I have been a nursing mom for 2 years and 10 months. I was unaware of the nursing-in-public debate prior to that time, assuming there was one, but I do feel that I can say with confidence that these last few years news outlets and mom blogs, spurred on by social media, have been covering the debate with steady momentum.
Among these articles I have not come across one begging mothers to stay hidden while nursing, but I have seen comments in pro-NIP articles that make me say a prayer for the world in which our children are growing. When you read enough of these comments you end up reading the same dribble against nursing in public over and over again.
Those to which I exercise no energy are the ones that think nursing is just plain gross to see, to talk about, or even imagine. While others think nursing is an okay thing to do, if that’s your jibe, but just really wish mothers would respect their fellow man and keep the act of nursing out of public view. A closer step to judiciousness is another group who answer this debate with attempted political correctness. They acknowledge the benefits of and sometimes admire mothers for providing their children with breast milk, and it’s even okay for a mother to leave her hole and nurse in public, but if, and only if, you would please cover up.
I once described to a friend an outing where my nursing was responsible for making a table of five adults leave their seats at an ice cream shop and her response was, “Well, I mean, if you didn’t have a cover, I understand.” What I’ve come to understand is that the real misunderstanding is the reality of nursing with a cover.
This is my hungry baby. We are preparing to nurse with a cover in the comfortable, quiet environment that is our living room. We nurse in this exact spot at least once a day. He falls asleep in my arms here. He loves it here.
I love his cute little face!
Here we go.
As soon as the cover goes over his head he looks at me confused. He started swatting at it with his arm and pulling it off of his face. I couldn’t even get my shirt over my breast to hurriedly distract him with nursing. So I thought I would get my clothes ready first and then try again.
As you can see, we had the same outcome. So I tried coaxing him to my nipple. I knew he was hungry and even ready for a little nap. He latched on for half a second and then unlatched and looked at me with a furrowed brow.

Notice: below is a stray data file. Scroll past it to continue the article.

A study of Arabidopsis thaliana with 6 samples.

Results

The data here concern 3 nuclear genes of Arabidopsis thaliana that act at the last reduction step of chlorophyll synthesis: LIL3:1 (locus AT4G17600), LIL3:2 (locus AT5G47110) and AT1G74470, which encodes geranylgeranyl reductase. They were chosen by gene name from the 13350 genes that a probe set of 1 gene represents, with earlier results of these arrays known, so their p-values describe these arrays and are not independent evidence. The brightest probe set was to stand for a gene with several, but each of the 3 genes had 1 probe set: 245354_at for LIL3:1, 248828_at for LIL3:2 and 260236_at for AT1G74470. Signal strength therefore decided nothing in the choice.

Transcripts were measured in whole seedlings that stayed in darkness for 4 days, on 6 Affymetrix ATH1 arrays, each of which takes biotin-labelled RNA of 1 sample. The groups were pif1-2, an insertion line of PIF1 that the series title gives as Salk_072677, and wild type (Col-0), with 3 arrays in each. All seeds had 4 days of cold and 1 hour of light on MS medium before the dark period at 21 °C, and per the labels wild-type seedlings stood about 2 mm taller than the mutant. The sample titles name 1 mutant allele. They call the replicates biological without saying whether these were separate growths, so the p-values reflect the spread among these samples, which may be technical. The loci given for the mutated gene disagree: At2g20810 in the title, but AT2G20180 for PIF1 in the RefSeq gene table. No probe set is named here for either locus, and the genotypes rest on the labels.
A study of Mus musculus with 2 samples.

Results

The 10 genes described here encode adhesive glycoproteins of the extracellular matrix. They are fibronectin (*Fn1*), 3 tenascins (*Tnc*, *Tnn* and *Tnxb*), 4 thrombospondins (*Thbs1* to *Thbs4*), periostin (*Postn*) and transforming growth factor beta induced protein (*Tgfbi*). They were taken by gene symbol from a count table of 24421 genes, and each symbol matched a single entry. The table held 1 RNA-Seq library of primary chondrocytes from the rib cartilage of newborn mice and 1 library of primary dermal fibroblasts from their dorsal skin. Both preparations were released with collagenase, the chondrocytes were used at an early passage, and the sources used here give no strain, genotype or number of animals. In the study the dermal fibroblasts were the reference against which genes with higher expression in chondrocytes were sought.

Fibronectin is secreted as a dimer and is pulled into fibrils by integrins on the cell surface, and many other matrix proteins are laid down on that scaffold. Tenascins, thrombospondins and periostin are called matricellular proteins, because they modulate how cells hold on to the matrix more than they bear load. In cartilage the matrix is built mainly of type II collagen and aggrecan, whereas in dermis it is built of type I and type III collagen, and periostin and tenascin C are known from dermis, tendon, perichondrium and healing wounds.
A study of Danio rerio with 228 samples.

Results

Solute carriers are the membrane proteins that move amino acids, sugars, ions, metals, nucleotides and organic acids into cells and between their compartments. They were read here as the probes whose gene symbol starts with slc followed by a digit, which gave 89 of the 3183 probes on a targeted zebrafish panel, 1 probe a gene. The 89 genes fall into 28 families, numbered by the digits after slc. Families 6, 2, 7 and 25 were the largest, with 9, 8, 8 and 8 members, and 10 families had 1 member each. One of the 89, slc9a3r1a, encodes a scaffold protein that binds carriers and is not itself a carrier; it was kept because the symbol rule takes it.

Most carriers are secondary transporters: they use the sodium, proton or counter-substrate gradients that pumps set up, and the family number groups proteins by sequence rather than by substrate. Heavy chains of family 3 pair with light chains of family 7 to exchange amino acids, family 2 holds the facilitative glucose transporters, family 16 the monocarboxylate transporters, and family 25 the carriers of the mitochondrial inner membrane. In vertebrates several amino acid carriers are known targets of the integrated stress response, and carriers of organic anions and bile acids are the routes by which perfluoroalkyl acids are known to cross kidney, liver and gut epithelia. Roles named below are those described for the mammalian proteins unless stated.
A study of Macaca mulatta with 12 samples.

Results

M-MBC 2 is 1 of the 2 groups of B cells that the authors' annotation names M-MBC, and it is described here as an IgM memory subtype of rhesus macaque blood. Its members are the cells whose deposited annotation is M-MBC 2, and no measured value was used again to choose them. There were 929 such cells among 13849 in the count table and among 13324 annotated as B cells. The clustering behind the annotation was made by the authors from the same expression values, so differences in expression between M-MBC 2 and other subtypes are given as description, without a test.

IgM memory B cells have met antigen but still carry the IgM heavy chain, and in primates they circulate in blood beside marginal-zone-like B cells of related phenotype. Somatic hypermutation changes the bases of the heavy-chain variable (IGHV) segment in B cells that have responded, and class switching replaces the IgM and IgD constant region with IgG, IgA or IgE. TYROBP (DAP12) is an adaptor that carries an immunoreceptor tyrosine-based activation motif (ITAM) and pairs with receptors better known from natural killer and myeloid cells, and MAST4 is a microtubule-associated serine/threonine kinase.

I tried humming, rocking, and gently guiding his head toward my chest. It never worked for more than a few seconds. Nursing mothers know that a constant latch and unlatch can be pretty painful.
This was not a silent protest. He was fussing and crying and letting out high pitched screeches.
These cries and flailing of limbs would surely not go unnoticed in a public setting. Not to mention the bustle of life would distract him that much more and a hard chair for mom would mean we are not as comfortable. So we are looking at best case scenario here.
Needless to say this was all very frustrating for both me and my babe.
I took the cover off and he latched immediately without letting up again and nursed himself into a much needed nap. I nursed with a cover out in public with both my son and daughter until they rejected it as depicted above. It happened around four months for us.
Even if you personally and magically were somehow able to nurse a baby past four months old under a cover with no issues, please, I beg you, stop telling moms to cover up. It’s unfeasible. Even if you ignore the legitimate arguments about babies continually breathing their CO2 or getting too hot for comfort under covers, look at my experience and realize that I would draw much more attention to myself by attempting to cover up than to just quietly nurse my child in the open air.
While you’re at it also spare us the argument that I should find another location in which to nurse: such as my car, the bathroom, the rare nursing room, purgatory, etc. Even at 11 months my baby will nurse anywhere from 5 minutes to an hour. Sometimes I can hold him off until we get home, sometimes he is just not in the mood. These little people are very unpredictable and sometimes the older child cannot feasibly tag along to nursing exile. The point is, if you really feel mothers should relocate to nurse, then you are basically telling me I should remain here on my couch all day.
So, to the uniformed question of “Can’t you just use a cover?” The answer is indubitably, “No.”